Army retires Cobras from active force

by Spc. Edward Zink

WHEELER ARMY AIRFIELD, Hawaii (Army News Service, March 31, 1999) -- In a ceremony befitting a war hero, soldiers and pilots of the 25th Infantry Division (Light), said farewell this month to the AH-1F Cobra helicopter, the Army's first dedicated attack aircraft.

The last active-duty unit to employ the Cobra -- the1st Battalion, 25th Aviation Regiment -- retired the Vietnam-era gunship following a final show of force March 15 in the skies over Oahu.

Eight Cobras were piloted by the unit's senior aviators in formation over the USS Missouri and the Arizona Memorial at Pearl Harbor and through the historic Kolekole Pass at Schofield Barracks before pulling one last pedal turn for the battalion formation on the airstrip at Wheeler.

The Cobras were accompanied on their final flight by a UH-1 Huey and four OH-58A Kiowa helicopters - aircraft which worked closely with the Cobra since it entered service in 1967.

"I'm really sorry to see them go," said Chief Warrant Officer 4 Lyle Cram, a Cobra pilot from Company C, 1st Bn., 25th Avn. "It's the finest attack helicopter in the inventory."

Cram co-piloted one of the Cobras on the final flight and logged more than 50 combat hours in the aircraft during Operation Just Cause in Panama. He said the sight of the battalion formation and ceremony as he landed the warbird at Wheeler gave him "chicken skin" - the Hawaiian equivalent of goose bumps.

"I was real proud," said Cram, who is being reassigned to fly CH-47 Chinook transport helicopters for another unit within the division. "It was kind of sad though. Me and the [pilot] were remarking as we were landing that we're really going to miss the Cobra."

The battalion's Cobras bared their fangs for the last time during a two-week joint training exercise with the 3rd Marine Division at Pohakuloa Training Area on the "Big Island," of Hawaii, Jan. 24 - Feb. 5. Six of the unit's AH-1F Cobras flew more than 170 sorties, fired over 10,000 rounds from their 20-millimeter cannons and launched 960 folding-fin aerial rockets during the exercise.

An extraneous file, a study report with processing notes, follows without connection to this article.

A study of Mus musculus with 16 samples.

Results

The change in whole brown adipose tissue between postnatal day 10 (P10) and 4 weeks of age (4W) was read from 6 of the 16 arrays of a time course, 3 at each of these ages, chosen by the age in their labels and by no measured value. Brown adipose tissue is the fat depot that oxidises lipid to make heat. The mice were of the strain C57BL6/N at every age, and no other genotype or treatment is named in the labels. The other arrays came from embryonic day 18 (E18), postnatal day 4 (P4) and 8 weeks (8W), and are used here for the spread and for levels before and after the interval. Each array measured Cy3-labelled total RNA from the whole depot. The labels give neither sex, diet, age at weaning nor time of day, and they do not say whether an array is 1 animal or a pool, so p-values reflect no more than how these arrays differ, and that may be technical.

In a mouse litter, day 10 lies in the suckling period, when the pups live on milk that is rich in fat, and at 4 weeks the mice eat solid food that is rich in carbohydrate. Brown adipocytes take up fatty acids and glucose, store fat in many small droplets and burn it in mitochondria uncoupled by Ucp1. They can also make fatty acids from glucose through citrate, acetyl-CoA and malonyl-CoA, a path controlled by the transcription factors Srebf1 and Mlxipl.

Although 1st Bn., 25th Avn. will not go away, its AH-1Fs will most likely go to the National Guard. It's Kiowas and Hueys will be sold to law enforcement agencies across the nation.

All of the aircraft will be replaced with 24 OH-58D Kiowa Warriors, a revamped version of the Kiowa scout helicopter.

The most notable feature on the Kiowa Warrior is the huge, ball-shaped sight mounted on the mast above the rotor blades. The sight enables the Kiowa Warrior to fight both day and night, at the maximum range of its weapons systems and with minimum exposure of the aircraft.

The changeover from Cobras to Kiowa Warriors will take about 11 months, and the mission of the unit will not change, said Lt. Col. Kelly J. Thomas, commander, 1st Bn., 25th Avn.

Kelly said it was a "beautiful feeling" leading the formation of Cobras on their final journey-by-air.

Kelly, who has flown Cobras for more than 18 years, referred to the retirement of the aircraft by saying, "As we close a chapter in our modernization, we say 'goodbye' to the old and 'hello' to the new."

The Bell AH-1 Cobra helicopter has struck fear in the hearts of the enemy for more than 30 years, according to Army aviators. Its 1967 trial-by-fire introduction to service as the AH-1G in Vietnam immediately provided ground commanders with air superiority without the wait of calling in the Air Force.

The Cobra was supposed to be replaced by the AH-56 Cheyenne helicopter in the late 1970s, however the aircraft never made it to production.

Instead, the AH-1F Cobra, with its proven firepower and maneuverability, went on to fight in every major U.S. military operation since Vietnam.

The Cobra continues its service with the U.S. Marines, as well as eight other foreign nations.

(Editor's note: Spc. Edward Zink is a staff writer for the Hawaii Army Weekly.)